Extra Credit Summary

Andrew Clements

Extra Credit


SuperSummary, a modern alternative to SparkNotes and CliffsNotes, offers high-quality study guides that feature  detailed chapter summaries and analysis of major themes, characters, quotes, and essay topics. This one-page guide includes a plot summary and brief analysis of Extra Credit by Andrew Clements.

Extra Credit (2009), a children’s book by Andrew Clements, has quickly become a staple in elementary schools. Although the protagonist of the story is a young girl in the sixth grade, the themes and lessons that the storyline offers are both useful and relatable for children of all ages.

On the brink of junior high, there’s one thing standing in Abby Carson’s way: herself. She doesn’t mind school and she loves seeing her friends every day. She especially loves riding the bus with her best friend, Mariah. Abby is competitive in gym class, where she is trying to conquer the rock wall. However, in the classroom, Abby can’t focus. She doesn’t want to do her homework and her grades are slipping.

When her guidance counselor Mrs. Carmody pulls her in to talk, Abby realizes she is in trouble. Mrs. Carmody informs her that unless she gets her grades back up and passes all of her tests, she will have to stay back and repeat the sixth grade.

Abby is embarrassed that this is even a possibility. She doesn’t want to miss out on junior high with her friends, so she agrees to make up all of her work and study for her upcoming tests. However, Mrs. Cooper and Mrs. Beckland have a different plan in mind. They want Abby to choose a country and write to an overseas pen pal, then present what she has learned to the class. Abby, who has always been a curious child, agrees. She asks if she can write to someone in the mountains and is paired with a school in a small village in Afghanistan.

When Abby’s letter arrives in Bahar-Lan, the village elders and teachers panic slightly. They don’t want just anyone writing back because if it’s written in poor English, they will be embarrassed. The elders and teachers hold a meeting to determine what to do. The teachers suggest that Sadeed Bayat write the letters as his English is the best in the school. Akbar Khan, the head elder, adamantly opposes this because it is inappropriate in their village for a girl and boy to write to one another.

Instead, he asks Amira, Sadeed’s younger sister, to be Abby’s pen pal. Amira is smart and is one of the few girls in Bahar-Lan permitted to go to school, which is traditionally reserved for males. Even though she is intelligent, Sadeed’s English is better than hers, so the village elder tells him to translate for Amira. Technically, Sadeed writes to Abby, and Amira signs each letter. Insulted and embarrassed by this, Sadeed doesn’t tell his best friend, Najeeb, about the letters because he’s afraid he will be teased for writing to a girl.

Sadeed comes to like Abby, though, and feels that he has made a friend. She writes about the farmland in Illinois and the rock wall in P.E.; he writes about the mountains and the goods his parents sell at the local bazaar. He tells her about their tiny classroom with grades one through six all in one room, separated by a divider, with boys on one side and girls on the other side. Sadeed starts slipping in his own opinions, stories, and details in addition to Amira’s translation.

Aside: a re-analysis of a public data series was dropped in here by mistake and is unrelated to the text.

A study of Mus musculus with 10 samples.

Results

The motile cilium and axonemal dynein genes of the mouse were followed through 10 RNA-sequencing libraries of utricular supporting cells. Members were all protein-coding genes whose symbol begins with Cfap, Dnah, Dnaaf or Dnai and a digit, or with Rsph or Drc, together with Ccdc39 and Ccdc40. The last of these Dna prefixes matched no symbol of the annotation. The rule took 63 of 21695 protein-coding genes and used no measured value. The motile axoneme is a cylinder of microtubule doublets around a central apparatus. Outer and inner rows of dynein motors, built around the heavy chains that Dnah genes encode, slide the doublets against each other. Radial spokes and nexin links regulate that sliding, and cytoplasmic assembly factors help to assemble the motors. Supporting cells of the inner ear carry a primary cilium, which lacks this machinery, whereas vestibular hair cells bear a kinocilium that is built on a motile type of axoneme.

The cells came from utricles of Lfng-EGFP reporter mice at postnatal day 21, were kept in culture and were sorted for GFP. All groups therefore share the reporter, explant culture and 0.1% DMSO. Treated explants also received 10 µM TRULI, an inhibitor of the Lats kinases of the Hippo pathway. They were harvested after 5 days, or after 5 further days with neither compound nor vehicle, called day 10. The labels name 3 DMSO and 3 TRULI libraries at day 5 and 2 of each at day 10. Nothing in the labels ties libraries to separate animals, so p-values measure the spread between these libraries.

When Amira reads Abby’s letters aloud for the class, Sadeed grows frustrated. Amira gets all the credit for having a pen pal in America even though Abby is Sadeed’s friend, and he is the one putting in all the work. In his pride, Sadeed sends Abby a letter admitting that he is the one that she has been writing to, not Amira.

One day, when a man in the village sees the American flag on Sadeed’s envelope, panic ensues. The police become involved and fighting breaks out in the mountains surrounding the village. The village elders fear for the safety of the children and families in Bahar-Lan because if Sadeed continues to write to America, the fighting (likely a result of terrorist activity) could get worse.

Abby works on her extra credit presentation. Wanting to add a more personal touch to her poster board, she covers it with the letters from Sadeed and adds a map of Afghanistan and a picture of their flag. Her classmates look disinterested and bored, but Abby continues with her presentation. When asked what she learned from her project, she answers, “All kids are the same.” This is the overarching theme throughout the book; despite being from polar opposite places, halfway around the world from one another, Sadeed and Abby are both just fun-loving, carefree kids. Abby climbs the artificial rock wall in her gym class just as Sadeed climbs Afghanistan’s mountains, but at the end of the day, the places that they come from do not solely define them; they are both just kids. Ironically, a parent calls the school to complain about the Afghanistan flag on Abby’s poster, stating that it might make the children “uncomfortable.” This scene is a commentary on how we tend to treat people differently as we grow older, despite having all been the same kids at heart.